In my previous post, I described how the recent improvements in the investment world have provided greater opportunities for the individual investor, making it a great time to be investing. In case you missed Part I, feel free to click here and catch up. For some, the reasons discussed in Part I may allow them to handle their own planning and investments. But for most, those same reasons make an already intimidating and confusing topic even more so. Luckily, the financial planning and investment management industry has been experiencing a fundamental change that should benefit those who are not going to handle their planning and investment management on their own.
The Status Quo Is Changing–Advice Is The Name Of The Game
The current trend in the financial services industry is moving away from a sales environment towards a service environment. The days of your financial advisor calling up with a hot stock to invest in, or a new annuity to purchase are numbered. With lower costs of investing, information at the palm of our hands, and the technology to help investors do it themselves, there is little value in having someone sell you an investment; consumers are looking for more than just a product–they can do that on their own. Today, an advisor’s worth is centered around the relationship with the client. An advisor’s value extends well beyond the investments recommended–it’s the advice that is given. It’s the customized plan that is developed. It’s the skill to take complex ideas and explain them in a manner that a novice can understand. And it’s the ability to keep clients from letting their emotions overwhelm them and lead to a regrettable decision. A financial advisor’s role is to help develop a plan, keep clients accountable and on that plan, educate clients along the way, and to be the voice of reason when things get tough–be an advisor, not a salesman.
Financial advisors have taken notice to what the public is demanding, and they are changing. Advisors are transitioning away from the commission-based business model to the fee-based (mostly fee, but still some commissions), if not fee-only (only fees), business model. I don’t want to assume that everyone knows the difference between the two different business models, so let me take a minute to explain the differences. In a commission model, the advisor is compensated on a transactional basis, meaning for every trade placed, or investment sold, they earn a commission. In a fee model, the financial advisor charges an ongoing fee for the services provided. This fee could be in the form of a fee assessed on the assets being managed (referred to as AUM), a flat financial planning fee, hourly fees, or subscription fees. In a commission model, the advisor’s incentive is in finding new ideas for clients, which may not be bad. However, conflicts could arise if certain companies pay a higher commission, or have rewards for reaching certain levels of sales. In a fee model, the advisor’s incentive is tied to the client’s best interest–growing their assets, or building a solid financial plan. I’m not here to debate which model is best, that will come soon enough, but to discuss the direction of the industry’s move and the benefit to the average investor.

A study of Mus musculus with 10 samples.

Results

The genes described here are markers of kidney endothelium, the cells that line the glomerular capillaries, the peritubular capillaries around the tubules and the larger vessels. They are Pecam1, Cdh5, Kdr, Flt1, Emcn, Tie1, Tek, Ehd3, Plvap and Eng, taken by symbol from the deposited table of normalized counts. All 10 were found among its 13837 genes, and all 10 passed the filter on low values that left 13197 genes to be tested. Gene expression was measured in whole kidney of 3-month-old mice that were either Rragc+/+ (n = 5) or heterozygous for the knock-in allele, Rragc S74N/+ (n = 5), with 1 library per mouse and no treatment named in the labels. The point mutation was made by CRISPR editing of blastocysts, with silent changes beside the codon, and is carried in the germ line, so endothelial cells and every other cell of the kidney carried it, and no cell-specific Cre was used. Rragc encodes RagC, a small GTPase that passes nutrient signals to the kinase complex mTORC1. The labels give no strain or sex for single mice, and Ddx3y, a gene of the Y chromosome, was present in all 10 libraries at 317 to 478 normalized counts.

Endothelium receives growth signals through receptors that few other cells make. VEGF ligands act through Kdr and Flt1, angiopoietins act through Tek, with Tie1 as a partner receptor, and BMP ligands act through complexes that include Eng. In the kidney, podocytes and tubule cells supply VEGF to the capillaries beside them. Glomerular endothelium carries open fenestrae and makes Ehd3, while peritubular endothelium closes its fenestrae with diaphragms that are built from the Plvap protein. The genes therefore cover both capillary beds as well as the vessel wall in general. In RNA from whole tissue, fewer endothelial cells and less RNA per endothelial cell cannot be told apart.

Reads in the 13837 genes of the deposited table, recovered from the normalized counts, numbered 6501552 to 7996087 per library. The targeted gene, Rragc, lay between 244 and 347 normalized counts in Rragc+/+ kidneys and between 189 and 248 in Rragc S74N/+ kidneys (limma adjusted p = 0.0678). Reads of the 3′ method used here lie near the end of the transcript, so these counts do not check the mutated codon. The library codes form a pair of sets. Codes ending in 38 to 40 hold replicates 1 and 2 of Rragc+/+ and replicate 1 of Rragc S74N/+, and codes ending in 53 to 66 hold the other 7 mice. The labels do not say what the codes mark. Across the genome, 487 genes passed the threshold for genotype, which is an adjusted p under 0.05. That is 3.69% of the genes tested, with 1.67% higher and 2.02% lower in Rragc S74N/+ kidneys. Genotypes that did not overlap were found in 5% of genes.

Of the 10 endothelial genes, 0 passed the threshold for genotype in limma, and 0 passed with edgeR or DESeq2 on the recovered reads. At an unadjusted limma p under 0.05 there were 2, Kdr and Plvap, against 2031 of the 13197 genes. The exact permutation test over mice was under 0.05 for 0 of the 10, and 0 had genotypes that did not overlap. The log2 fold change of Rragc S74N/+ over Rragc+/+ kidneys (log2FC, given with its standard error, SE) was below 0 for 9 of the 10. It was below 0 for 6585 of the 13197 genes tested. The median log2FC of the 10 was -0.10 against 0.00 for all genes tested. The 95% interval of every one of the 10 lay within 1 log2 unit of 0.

Registered Investment Advisors On The Rise
The Independent Registered Investment Advisor segment of the financial services industry is the fastest growing channel of the industry right now. A Registered Investment Advisor, or RIA, is a state, or SEC registered investment firm that provides advice and investment management on a fee-only basis. It is worth noting that there are some firms that are established as a hybrid-RIA, meaning that they charge a fee for the investment management portion of the relationship, but still maintain the ability to provided commissionable investments. Aside from the difference in compensation, advisors in the RIA model are held to a a fiduciary standard–this is important. As a fiduciary, the advisor must do what is best for the client…seems logical that an advisor should do what’s best for the clients. Advisors not considered a fiduciary, think broker-dealer advisors, insurance salesmen, and fixed/index annuity salesmen, are held to a lesser standard. These types of advisors are held to a standard of suitability, meaning the recommendations and investments they provide only have to be suitable, or acceptable, for their clients. Suitable doesn’t always mean best for the client. For a good article on the difference between fiduciary and non-fiduciary financial advisors read this U.S. News article.
The change in the way financial advisors are structuring their business to be more in line with their client’s best interest is a huge benefit for investors. For those investors who are not able to take advantage of the improvements discussed in Part I to better their investment experience there are more and more financial advisors aligning themselves with their best interests at heart. Combine more investment options with lower costs and more information available on these investments, with independent financial advice centered around the relationship with the client, and the investor experience just got a lot better.
What a time it is to be an investor!
Disclaimer: Nothing on this blog should be considered advice, or recommendations. If you have questions pertaining your individual situation you should consult your financial advisor. For all of the disclaimers, please see my disclaimers page.